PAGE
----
Flint School e-Museum
History of the Flint School's Ships: TeVega & teQuest
|Period||TeVega / Etak / Vega / USS Juniata||teQuest / Black Douglas / Aquarius / El Boughaz I|
|Walter Ladd writes a 48 page specifications document for Etak and she is built in Keil , Germany. In 1930, Yachting magazine announced the new yacht with an artist's rendering. In 1931, a German Journal documents Etak's design with Plans . Macy Family remembers Etak in Letters||The Black Douglas is built in Bath Iron Works with a luxurious layout for the Roebling family. In 1930, Yachting magazine announced the new yacht. In November 1930, a Cooper-Bessmer Engine advertisement featured a picture of her at sea.|
|The USS Juanita (IX-77) is commissioned for Pacific Coastal duty and escapes heavy war-time alterations. Ray Harder wrote a book and article about his year on board in the Navy.||The Black Douglas (IX-55) is heavily altered and used for Pacific Coastal Duty and California Cooperative Oceanic Fisheries Investigations in the late 1940's.|
|The Vega sails to the South Pacific and has a de-masting calamity near Tahiti in 1951. She changes hands again and becomes a South Pacific Touring Yacht and is named the TeVega by the islanders. Around 1956?, without engines, she sails to England to get the Mirrlees installed.||The Black Douglas is used for oceanic research.|
Research & Rust
cruises the Windward Islands in the early 1960s.
Stanford University employs TeVega for some now famous Oceanographic ecological studies in the Pacific.
|The Black Douglas is transferred to the Bureau of Fisheries, then runs replacement aircraft parts throughout the Bahamas and south. Around 1967, her owners go bankrupt and leave her without maintenance at a private island as a floating power plant until 1972.|
See The School Ships page for more photos from this period.
|In 1969, the Stolls acquire her for the Flint School. In 1972, the top-masts are restored for the first time since the 1951 disaster. TeVega's hull looks great even in dry-dock as the cadets do the maintenance. Since we were on board during this period we have good documentation with: portraits, above and below deck photos and engine room.||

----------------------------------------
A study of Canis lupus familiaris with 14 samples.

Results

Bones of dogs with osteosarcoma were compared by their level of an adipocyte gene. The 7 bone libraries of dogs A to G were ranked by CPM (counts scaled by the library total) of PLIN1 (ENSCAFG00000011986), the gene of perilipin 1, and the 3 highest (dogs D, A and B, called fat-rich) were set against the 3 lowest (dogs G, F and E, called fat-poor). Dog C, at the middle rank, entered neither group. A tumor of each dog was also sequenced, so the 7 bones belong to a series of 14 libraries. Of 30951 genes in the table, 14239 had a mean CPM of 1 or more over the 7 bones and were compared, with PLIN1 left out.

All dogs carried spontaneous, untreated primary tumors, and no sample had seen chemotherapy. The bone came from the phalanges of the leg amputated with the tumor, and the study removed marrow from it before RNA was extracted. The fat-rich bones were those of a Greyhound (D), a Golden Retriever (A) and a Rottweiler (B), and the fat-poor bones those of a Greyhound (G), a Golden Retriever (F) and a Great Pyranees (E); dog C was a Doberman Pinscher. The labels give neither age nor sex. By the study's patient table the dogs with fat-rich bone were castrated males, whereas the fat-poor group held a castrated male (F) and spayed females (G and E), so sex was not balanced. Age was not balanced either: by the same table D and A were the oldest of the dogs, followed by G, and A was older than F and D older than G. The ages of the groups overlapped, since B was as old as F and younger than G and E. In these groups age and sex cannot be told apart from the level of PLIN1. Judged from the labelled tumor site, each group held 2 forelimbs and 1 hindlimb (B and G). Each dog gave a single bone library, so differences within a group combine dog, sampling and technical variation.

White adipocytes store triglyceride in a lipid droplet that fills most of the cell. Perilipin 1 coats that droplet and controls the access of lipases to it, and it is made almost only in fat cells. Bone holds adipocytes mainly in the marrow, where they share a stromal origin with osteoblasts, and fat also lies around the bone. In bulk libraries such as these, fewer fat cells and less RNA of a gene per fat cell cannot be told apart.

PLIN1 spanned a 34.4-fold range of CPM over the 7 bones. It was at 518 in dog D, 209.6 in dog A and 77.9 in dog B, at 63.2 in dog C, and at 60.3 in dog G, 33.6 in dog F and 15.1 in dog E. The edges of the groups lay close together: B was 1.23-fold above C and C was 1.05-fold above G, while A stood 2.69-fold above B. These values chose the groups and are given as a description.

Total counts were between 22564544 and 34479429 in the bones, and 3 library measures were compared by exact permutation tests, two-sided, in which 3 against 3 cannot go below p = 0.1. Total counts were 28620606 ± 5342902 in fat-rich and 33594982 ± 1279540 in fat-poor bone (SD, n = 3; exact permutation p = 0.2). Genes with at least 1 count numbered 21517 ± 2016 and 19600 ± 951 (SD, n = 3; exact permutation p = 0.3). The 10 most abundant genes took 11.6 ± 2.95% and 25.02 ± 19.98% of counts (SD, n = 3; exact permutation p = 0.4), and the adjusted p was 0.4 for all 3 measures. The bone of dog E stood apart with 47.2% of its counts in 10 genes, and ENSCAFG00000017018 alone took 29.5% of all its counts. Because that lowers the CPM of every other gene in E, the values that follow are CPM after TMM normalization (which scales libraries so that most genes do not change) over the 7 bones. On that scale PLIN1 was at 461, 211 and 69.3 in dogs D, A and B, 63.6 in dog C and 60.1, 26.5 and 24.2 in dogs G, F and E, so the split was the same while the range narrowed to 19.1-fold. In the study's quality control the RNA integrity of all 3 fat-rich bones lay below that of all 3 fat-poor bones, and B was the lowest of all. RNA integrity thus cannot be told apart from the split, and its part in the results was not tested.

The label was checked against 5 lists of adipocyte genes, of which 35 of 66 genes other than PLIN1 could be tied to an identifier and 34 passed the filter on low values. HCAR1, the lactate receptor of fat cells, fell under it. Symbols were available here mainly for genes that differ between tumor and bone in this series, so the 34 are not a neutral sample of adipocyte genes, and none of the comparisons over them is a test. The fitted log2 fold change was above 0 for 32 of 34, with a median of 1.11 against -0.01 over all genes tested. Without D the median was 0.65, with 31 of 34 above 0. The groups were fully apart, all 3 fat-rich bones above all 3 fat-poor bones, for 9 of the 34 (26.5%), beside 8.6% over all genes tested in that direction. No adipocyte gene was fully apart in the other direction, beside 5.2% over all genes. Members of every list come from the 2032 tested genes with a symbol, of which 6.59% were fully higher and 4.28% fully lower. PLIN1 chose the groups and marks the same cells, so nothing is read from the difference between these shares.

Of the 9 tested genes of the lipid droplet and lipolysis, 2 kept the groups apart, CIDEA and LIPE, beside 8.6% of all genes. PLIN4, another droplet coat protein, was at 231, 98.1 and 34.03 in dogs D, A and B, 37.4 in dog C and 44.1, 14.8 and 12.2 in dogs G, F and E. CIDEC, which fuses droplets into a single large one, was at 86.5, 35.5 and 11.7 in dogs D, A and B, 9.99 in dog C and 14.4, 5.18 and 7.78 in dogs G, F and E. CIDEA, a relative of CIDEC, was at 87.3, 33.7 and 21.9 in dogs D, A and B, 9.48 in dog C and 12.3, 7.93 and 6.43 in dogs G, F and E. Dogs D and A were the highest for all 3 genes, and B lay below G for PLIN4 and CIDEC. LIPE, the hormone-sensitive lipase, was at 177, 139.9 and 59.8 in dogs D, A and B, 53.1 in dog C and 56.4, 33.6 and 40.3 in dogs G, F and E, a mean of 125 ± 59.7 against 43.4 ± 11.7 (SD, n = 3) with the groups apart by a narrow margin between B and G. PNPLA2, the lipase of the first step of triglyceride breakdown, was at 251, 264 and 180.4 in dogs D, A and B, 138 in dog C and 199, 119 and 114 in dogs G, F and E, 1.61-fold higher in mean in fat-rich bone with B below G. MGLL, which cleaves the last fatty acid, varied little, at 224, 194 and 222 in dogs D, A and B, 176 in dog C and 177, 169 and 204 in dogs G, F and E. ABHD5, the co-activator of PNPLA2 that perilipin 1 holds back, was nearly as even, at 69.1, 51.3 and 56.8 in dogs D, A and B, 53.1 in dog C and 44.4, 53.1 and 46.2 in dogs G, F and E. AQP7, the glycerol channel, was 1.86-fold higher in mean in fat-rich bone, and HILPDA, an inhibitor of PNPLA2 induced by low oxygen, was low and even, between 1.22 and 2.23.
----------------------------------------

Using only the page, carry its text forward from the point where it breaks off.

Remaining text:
In 1972, the Stolls acquire the neglected Black Douglas. The second Flint School ship is named teQuest and is partially restored back to the original sailing yacht. Since we were on board during this period we have good documentation with: portraits, above and below deck photos, engine room diagrams (A, B & C), a ship's survey and even an MP3 recording of the Enterprise engine.
More cadets & restoration
|In 1981, the Flint School closes and TeVega is sold to a Dutch owner and leased by the Landmark School. They sail her to Leningrad, Russia Article 2, 3 & 4. In 1989, Flint School Alumni lease her in NYC for a well attended evening reunion party.||Both
ships enter dry-dock with the Flint School for the last time in 1981
at Vlaardingen, Holland.
1982/3, teQuest is very privately bought and totally rebuilt as the luxury yacht Aquarius with the help of Jim Stoll. Newspaper Photo
|TeVega is bought by an Italian and painstakingly restored to her original glory and even enters sailing races. The Parmalat stockholders pay for the restoration.||Aquarius sails the around the world as very private yacht. The Skidway Institute honors it's benefactors, the Roeblings, with a commemorative design featuring the Black Douglas (teQuest). A new model and photos are taken after the rebuild.|
Known as 'Classic Yachts'
|In 2001, the owner sends some recent photos. On March 7, 2003, Ron Jensen takes photos onboard and from afar of TeVega. In December 2009, the captain sent an update.||In 2001/2, Aquarius is for sale for $6-7M and is spotted in ports calendars. She is renamed El Boughaz I by her new owner, the King of Morocco, and is often spotted around Marseille, France.|
|2010's||Michel Anctil, who was a former Stanford biologist and crew, writes an excellent book on the history of 'Te Vega' and her owners.|
If you have a historical material or corrections to add, please email me.
Note: Any photo files (JPGs) with the prefix 'web' are low resolution versions of larger image files.